I remember many years ago when the bookcase in the corner of my parents’ living room contained a complete set of Encyclopedias, a lovely collection of books about wildlife, a collection of classic literature including the plays and sonnets of Shakespeare, a collection of children’s fairy tales and the Holy Bible.
That was my library as a kid. And as a lover of books from an early age, I spent a lot of time leafing through all those pages. I liked the smell of books and the feel of them. I liked to stack them up, move them around, leave bookmarks in the really interesting pages.
In grammar school I discovered the library and because it was often a requirement for school work, I balked at spending time there. In college, I lived in the library. Research was practically my religion.
Once I graduated, I went through that rebellious period where I only read for pleasure. Then newspapers and magazines became my research material of choice. I wanted to know what was going on NOW, not what had happened way back THEN.
Then I rebelled again and I cancelled my magazine subscriptions. I don’t care what the celebrity of the week had for breakfast anymore. My newspapers often go right in the recycling bin unread. Real life is depressing. That’s why I write fiction.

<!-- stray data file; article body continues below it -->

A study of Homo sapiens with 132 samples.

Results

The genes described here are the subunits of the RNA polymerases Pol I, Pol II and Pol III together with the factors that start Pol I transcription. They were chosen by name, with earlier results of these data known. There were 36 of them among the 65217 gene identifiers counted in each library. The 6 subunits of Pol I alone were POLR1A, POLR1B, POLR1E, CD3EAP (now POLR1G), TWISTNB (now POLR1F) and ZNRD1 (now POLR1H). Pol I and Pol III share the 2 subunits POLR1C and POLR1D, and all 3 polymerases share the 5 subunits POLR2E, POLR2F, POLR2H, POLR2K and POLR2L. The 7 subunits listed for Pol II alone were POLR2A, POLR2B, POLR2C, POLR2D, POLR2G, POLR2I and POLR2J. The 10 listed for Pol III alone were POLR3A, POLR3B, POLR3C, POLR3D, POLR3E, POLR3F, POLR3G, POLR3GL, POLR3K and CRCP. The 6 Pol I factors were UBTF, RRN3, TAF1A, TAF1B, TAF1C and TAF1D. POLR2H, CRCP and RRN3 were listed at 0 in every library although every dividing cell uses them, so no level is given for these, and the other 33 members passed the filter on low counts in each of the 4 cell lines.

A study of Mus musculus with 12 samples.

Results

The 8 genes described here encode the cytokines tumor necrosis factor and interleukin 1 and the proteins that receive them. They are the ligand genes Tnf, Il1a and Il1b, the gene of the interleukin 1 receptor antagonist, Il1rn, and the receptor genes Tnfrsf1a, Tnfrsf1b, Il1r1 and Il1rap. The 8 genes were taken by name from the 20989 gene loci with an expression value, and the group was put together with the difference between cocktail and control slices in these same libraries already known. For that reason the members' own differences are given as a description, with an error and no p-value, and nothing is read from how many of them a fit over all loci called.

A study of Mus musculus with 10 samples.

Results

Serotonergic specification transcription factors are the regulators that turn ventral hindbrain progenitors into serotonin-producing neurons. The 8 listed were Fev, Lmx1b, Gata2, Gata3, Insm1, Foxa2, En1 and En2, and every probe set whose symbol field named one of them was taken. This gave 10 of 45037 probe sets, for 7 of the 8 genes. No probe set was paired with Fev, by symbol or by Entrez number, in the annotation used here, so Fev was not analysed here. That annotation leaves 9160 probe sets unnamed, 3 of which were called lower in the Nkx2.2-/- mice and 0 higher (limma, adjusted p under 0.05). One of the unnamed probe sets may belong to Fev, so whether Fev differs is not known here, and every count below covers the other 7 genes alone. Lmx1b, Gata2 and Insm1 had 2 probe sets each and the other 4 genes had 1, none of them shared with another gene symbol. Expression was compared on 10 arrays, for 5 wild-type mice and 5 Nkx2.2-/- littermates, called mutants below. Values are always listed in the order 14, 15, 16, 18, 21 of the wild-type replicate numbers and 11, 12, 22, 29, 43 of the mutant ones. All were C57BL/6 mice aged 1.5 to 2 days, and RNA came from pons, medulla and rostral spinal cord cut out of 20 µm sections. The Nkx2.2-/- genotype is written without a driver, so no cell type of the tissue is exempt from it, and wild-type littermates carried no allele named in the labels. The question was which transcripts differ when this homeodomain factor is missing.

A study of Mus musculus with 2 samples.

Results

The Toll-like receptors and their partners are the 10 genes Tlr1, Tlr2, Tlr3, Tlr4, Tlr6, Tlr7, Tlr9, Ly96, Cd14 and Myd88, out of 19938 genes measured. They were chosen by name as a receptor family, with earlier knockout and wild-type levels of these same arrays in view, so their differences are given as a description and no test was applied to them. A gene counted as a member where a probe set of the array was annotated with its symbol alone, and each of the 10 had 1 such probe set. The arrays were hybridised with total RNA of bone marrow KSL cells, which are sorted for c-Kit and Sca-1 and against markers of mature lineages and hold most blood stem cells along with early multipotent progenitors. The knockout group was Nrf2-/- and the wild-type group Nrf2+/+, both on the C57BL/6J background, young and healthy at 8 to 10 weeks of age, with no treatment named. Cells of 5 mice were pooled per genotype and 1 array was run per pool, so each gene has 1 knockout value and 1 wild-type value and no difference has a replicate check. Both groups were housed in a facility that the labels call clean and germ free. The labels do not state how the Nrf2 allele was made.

Now, almost thirty years after I decided I wanted to write for a living, I don’t own a set of encylopedias. I don’t think my kids would know what to do with research material you don’t access with a keyboard and a mouse. At my fingertips I have dictionaries, thesauruses, wikis, databases and the collected knowledge of everyone from experts to laymen on just about any subject I can name. I can Google, Ask Jeeves and Yahoo whenever I want.
But I still miss the smell of those encylopedias. I miss climbing up into the couch with a heavy, glossy-paged book in my hands intent on the journey of discovery. I miss paging through letter after letter on a lazy afternoon and picking up tidbits of all kinds of things. I miss sitting with reference books spread all over my desk with sticky notes stuck all over them and pencils balanced behind my ears.
I’m planning a trip to the library. I haven’t spent time there since I graduated college. I don’t have a particular research project in mind at the moment, but I thought it would be nice to go and familiarize myself with the place again, to get to know the stacks and the layout, to steep myself in the smell of books again.